Guide: Selling Cars Privately
Selling a car privately can have huge rewards: a much higher price than trading it in at a dealer. This guide covers tips and steps for creating that perfect online ad to make your vehicle stand out and attract buyers.
Most online platforms for selling cars allow around 10 - 12 photos.
- Always take high quality images in daylight
- Clean the car before taking photos
- Try to include as much of the vehicle as possible
- Do not cover or block areas
- Avoid anything in the background that could deter buyers like other damaged vehicles
- Blur your registration plate to prevent plate cloning*
*Plate cloning is when criminals find a make, model and colour of a car identical to one they may own / possess and ‘clone’ the car with fake registration plates. They then drive on tollways without paying or commit offences misleading authorities to contact the genuine owner.
Here are some examples of ideal photos for your online advertisement:
Photo 1: Front / Side (Cover Photo)
Tip: Make sure front wheels are angled facing camera. Example:
Photo 5: Front. Example:
Photo 7: Engine Bay. Example:
Photo 9: Controls / Gauge Cluster
Tip: If ‘Low KMs’ is a quality of your car, include the odometer reading as proof. Example:
Extra Photo: Back Seats
Extra Photo: Tyres
Tip: If your tyres are new, mention them in the description
List your vehicle’s selling points. Think about who or what your car is designed for, eg: a family, a city run-about, a sports or performance car, off-roading or commercial use, etc. List the features in an order that’s attractive to a buyer in the market for your car.
- Make sure abbreviations are clear, eg: ACC (Adaptive Cruise Control)
- Add common features (power windows, A/C, Bluetooth, etc) further down the list
- Don’t add features that all cars have, eg: AM/FM radio, adjustable driver’s seat
Sports / Performance Car:
Buyers will already know the make, model, year, location and likely the transmission and odometer reading from your title. The description should be specific to your car and aimed at people interested in that make / model. Note that most online platforms allow users to rate sellers so be honest and list any damage to avoid people leaving negative comments.
- Aim for around 10-15 sentences - too short and buyers won’t get enough information, too long and they’ll lose interest.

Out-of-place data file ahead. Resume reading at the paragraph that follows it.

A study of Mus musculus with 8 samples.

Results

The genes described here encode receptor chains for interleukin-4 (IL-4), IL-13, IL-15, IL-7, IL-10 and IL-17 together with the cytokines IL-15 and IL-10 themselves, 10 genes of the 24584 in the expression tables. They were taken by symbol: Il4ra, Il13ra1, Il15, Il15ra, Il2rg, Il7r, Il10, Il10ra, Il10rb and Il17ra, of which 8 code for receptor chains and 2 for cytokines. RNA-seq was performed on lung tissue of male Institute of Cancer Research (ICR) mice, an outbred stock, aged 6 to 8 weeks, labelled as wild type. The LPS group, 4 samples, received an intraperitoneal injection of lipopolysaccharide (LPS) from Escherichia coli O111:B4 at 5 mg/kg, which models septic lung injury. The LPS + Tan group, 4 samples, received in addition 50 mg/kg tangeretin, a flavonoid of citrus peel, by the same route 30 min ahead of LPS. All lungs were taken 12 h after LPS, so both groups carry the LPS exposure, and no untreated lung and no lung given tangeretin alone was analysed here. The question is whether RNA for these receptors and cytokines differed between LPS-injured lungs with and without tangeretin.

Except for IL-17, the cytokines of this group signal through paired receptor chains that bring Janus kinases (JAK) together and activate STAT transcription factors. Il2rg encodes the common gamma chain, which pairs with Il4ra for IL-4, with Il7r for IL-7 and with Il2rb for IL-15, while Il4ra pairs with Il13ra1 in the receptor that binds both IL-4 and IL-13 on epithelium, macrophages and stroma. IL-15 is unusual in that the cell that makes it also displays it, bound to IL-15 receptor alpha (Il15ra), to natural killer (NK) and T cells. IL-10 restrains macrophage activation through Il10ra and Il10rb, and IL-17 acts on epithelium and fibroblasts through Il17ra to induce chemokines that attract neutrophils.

- Do not mention obvious red flags, eg: ‘Never crashed’ or ‘Never been stolen’.
- Do not include aggressive comments, eg: ‘Low ball offers will be ignored’, ‘Scammers go away’ or ‘No test pilots’ (instead, say: ‘Serious buyers only’).
- Begin with your reason for sale, followed by suitability / standout features (eg: ‘Selling due to growing family).
- Some buyers prefer to swap other vehicles, be sure to let them know if you’ll accept swaps and what kind of vehicle you’re looking for.
“Selling as I now have company car. 2 years manufacturer warranty remaining, over 3 months rego. Economical and easy to drive, perfect for first car / daily commute.
I have owned this car since new, always serviced as per log book (included). Roof racks and cruise control make it perfect for weekends away. Interior presents like new. Exterior has minor shopping trolley marks - priced accordingly.
Passengers will love multi-zone climate control, power sunroof, 8 airbags and Apple CarPlay / Android Auto. Tyres only 2 months old. First to see will buy, no swaps - cash only. Non-smoker owner with no pets. Contact me for more info / to arrange a time to inspect.”
Contact with Sellers:
Make sure to respond as soon as possible and treat every potential buyer as genuine. Avoid confrontation and be diplomatic - as mentioned, many platforms allow users to rate sellers.Tips:
- Be prepared for buyers who don’t arrive on time or don’t contact you back.
- Treat low-ball offers with a ‘thanks but no thanks’ approach.
- If buyers request a professional inspection, allow them to do so at their own expense.
- If you don’t feel comfortable having strangers at your address, meet in a public car park, service station, etc.
- Make sure to fill out any paperwork as per your state’s requirements (check a government website if unsure).
Selecting a price is, of course, critical. Get an idea of prices by searching for similar vehicles online. Almost all buyers expect to negotiate on price so allow some wiggle room.
- Keep your price realistic, buyers don’t pay for a vehicle’s sentimental value to an owner.
- To keep negotiable increments low, have your price end in a $50 multiple or less, eg: $17,450 or $9,880. Prices ending in $1000 or $500 (eg: $20,000 or $10,500) tend to be more difficult to negotiate.
Time for a New Car!
After selling your car and (hopefully) getting top dollar, you’ll be in the market for a new set of wheels. Positive has you covered. Check out our car loan calculator to get an idea of what rates look like or read some comprehensive car reviews if you’re still searching.